This article is more than 9 years old.

Whoever wrote the Boy Scout motto would be proud.

Massachusetts was more than prepared for what had been predicted to be a major snowstorm, but by mid-afternoon many people were left wondering: Why all the fuss?

As of late Wednesday morning, 800 pieces of Massachusetts Department of Transportation equipment were out pre-treating roads and highways. Up to 4,000 plows were at the ready. Forecasters expected the snow to start piling up around noon, with snowfall rates around two inches an hour.

Meteorologists have now downgraded snow forecasts for the Boston area to about three to six inches, from the four to eight inches originally predicted. But Channel 5 meteorologist Harvey Leonard said dangerous conditions are still possible.

"It's going to be getting a little bit colder, not dramatically so, but enough to make this mixture become all snow," Leonard said. "It should become a little bit heavier, but not as heavy as they've had down south, and that will give us a few to several inches of snow and will turn roads into slippery roads as we go through the rest of the evening commute."

In southeastern Massachusetts, where the snow was supposed to be heaviest, temperatures above freezing kept it mostly a snow-rain mix until late afternoon.

Despite the tame start to the storm, preparations and precautions were shifted into high gear.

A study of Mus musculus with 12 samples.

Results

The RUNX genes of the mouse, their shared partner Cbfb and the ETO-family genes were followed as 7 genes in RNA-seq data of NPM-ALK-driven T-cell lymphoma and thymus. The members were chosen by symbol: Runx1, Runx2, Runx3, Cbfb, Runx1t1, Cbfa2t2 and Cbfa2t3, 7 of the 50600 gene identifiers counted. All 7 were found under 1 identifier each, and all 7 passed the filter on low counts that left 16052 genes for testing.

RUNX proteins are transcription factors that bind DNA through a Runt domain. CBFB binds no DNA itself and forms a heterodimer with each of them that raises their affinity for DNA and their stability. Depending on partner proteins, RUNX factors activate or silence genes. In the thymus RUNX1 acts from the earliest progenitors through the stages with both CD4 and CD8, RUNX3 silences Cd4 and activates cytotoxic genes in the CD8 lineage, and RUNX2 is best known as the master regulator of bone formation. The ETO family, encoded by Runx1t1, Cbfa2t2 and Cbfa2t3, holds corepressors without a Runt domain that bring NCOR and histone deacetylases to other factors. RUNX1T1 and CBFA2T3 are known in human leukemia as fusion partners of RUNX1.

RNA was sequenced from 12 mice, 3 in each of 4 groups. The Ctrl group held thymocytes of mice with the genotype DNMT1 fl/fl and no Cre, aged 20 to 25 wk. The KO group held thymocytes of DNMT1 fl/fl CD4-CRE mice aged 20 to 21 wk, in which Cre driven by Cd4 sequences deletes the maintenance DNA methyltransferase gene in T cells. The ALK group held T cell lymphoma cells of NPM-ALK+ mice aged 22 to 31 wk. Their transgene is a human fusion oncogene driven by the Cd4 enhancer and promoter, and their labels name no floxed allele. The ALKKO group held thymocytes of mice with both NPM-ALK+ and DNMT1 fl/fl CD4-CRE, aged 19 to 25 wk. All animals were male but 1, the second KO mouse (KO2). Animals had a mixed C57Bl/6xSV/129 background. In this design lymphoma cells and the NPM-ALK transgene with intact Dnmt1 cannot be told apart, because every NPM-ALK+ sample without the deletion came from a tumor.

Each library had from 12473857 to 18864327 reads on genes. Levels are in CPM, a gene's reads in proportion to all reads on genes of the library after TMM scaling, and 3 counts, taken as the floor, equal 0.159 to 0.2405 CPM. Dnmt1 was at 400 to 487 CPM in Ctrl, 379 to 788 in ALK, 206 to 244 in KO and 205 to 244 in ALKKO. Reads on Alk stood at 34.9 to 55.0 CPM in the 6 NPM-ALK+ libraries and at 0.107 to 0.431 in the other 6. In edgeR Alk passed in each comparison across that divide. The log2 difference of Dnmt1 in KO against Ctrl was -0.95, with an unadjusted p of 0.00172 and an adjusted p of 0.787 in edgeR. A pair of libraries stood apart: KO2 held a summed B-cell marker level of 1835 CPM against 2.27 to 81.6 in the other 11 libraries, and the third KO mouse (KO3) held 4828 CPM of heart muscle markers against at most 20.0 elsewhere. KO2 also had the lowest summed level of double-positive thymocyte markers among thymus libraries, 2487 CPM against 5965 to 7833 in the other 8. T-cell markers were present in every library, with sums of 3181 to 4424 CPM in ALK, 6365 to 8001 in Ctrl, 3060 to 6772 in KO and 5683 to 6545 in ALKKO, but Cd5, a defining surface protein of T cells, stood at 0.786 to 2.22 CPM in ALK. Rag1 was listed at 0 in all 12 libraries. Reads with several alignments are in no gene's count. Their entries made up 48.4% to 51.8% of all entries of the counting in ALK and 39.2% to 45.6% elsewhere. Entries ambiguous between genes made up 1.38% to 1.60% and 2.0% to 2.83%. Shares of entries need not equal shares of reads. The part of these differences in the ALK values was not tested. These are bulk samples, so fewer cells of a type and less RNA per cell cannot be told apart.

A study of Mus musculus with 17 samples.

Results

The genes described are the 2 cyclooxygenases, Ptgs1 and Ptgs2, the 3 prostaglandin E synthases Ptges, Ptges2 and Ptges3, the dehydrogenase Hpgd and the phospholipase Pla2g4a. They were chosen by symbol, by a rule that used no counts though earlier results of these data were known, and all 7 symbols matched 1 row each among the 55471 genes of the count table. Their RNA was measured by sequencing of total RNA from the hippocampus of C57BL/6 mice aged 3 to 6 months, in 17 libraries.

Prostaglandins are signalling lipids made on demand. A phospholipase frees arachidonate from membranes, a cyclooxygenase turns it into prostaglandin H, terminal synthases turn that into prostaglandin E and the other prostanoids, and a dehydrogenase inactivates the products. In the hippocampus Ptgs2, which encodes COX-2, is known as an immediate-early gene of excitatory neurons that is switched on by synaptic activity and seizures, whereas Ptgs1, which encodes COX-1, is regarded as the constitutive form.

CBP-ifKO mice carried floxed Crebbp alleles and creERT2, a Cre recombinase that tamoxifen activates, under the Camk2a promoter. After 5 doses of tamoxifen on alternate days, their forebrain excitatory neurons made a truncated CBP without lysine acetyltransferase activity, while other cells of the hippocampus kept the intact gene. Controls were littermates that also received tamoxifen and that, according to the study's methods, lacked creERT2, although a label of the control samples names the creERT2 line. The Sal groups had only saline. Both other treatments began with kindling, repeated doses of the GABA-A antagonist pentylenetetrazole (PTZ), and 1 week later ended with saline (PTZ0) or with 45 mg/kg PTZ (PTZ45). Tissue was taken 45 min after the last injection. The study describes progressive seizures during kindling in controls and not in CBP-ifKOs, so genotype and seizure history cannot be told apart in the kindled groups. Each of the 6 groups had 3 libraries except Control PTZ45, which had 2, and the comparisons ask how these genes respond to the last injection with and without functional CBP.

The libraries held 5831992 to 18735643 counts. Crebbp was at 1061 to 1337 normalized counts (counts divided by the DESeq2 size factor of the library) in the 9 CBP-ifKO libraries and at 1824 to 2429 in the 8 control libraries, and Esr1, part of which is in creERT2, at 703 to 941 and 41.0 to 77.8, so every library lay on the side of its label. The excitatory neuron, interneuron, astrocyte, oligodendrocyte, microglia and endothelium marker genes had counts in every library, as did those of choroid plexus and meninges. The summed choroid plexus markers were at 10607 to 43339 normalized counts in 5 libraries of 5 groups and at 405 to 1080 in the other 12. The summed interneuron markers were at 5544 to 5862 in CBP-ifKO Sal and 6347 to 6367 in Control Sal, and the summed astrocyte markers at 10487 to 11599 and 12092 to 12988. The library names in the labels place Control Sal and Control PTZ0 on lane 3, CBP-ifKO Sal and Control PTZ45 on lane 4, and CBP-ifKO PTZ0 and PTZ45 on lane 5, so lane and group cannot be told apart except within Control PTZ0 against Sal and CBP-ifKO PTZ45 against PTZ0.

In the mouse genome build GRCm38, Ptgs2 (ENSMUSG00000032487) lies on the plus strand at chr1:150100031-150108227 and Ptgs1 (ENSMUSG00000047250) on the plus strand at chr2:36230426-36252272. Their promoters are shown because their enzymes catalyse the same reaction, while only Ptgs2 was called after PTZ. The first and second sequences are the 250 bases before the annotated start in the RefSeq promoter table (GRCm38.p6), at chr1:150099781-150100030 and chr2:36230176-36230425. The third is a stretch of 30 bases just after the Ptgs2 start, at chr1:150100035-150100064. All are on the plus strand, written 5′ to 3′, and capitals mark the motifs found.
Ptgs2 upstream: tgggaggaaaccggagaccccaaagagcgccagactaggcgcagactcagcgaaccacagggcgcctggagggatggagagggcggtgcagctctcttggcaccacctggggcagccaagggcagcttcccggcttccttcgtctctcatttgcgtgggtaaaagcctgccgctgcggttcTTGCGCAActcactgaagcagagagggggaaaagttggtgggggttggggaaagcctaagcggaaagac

Several school districts, including Boston, canceled classes all day. Many communities that did have school dismissed students early.

Gov. Deval Patrick told non-essential state employees to stay home, and Registry of Motor Vehicle branches in southeastern Massachusetts were closed.

Previous storms have already strained the state's snow removal budget, but Patrick said the state will use whatever resources are necessary to deal with the snow. "We have some authority in the state budget that we have worked out in the last couple of years to be able essentially to deficit spend, as this is one of those things you have to pay for," the governor said.

At Boston's Logan Airport, dozens of flights into and out of Boston were canceled, especially flights to mid-Atlantic cities that have been paralyzed by the second major storm in four days.

State officials were concerned about the afternoon commute. Had the storm stuck to the original forecast, there was the potential for gridlock.

So far this winter, there have been three major snowstorms, but each one fell on a weekend, so snow removal crews didn't have to deal with commuters and schools were not open.

This program aired on February 10, 2010. The audio for this program is not available.

Steve Brown Twitter Senior Reporter/Anchor
Steve Brown is a veteran broadcast journalist who serves as WBUR's senior State House reporter.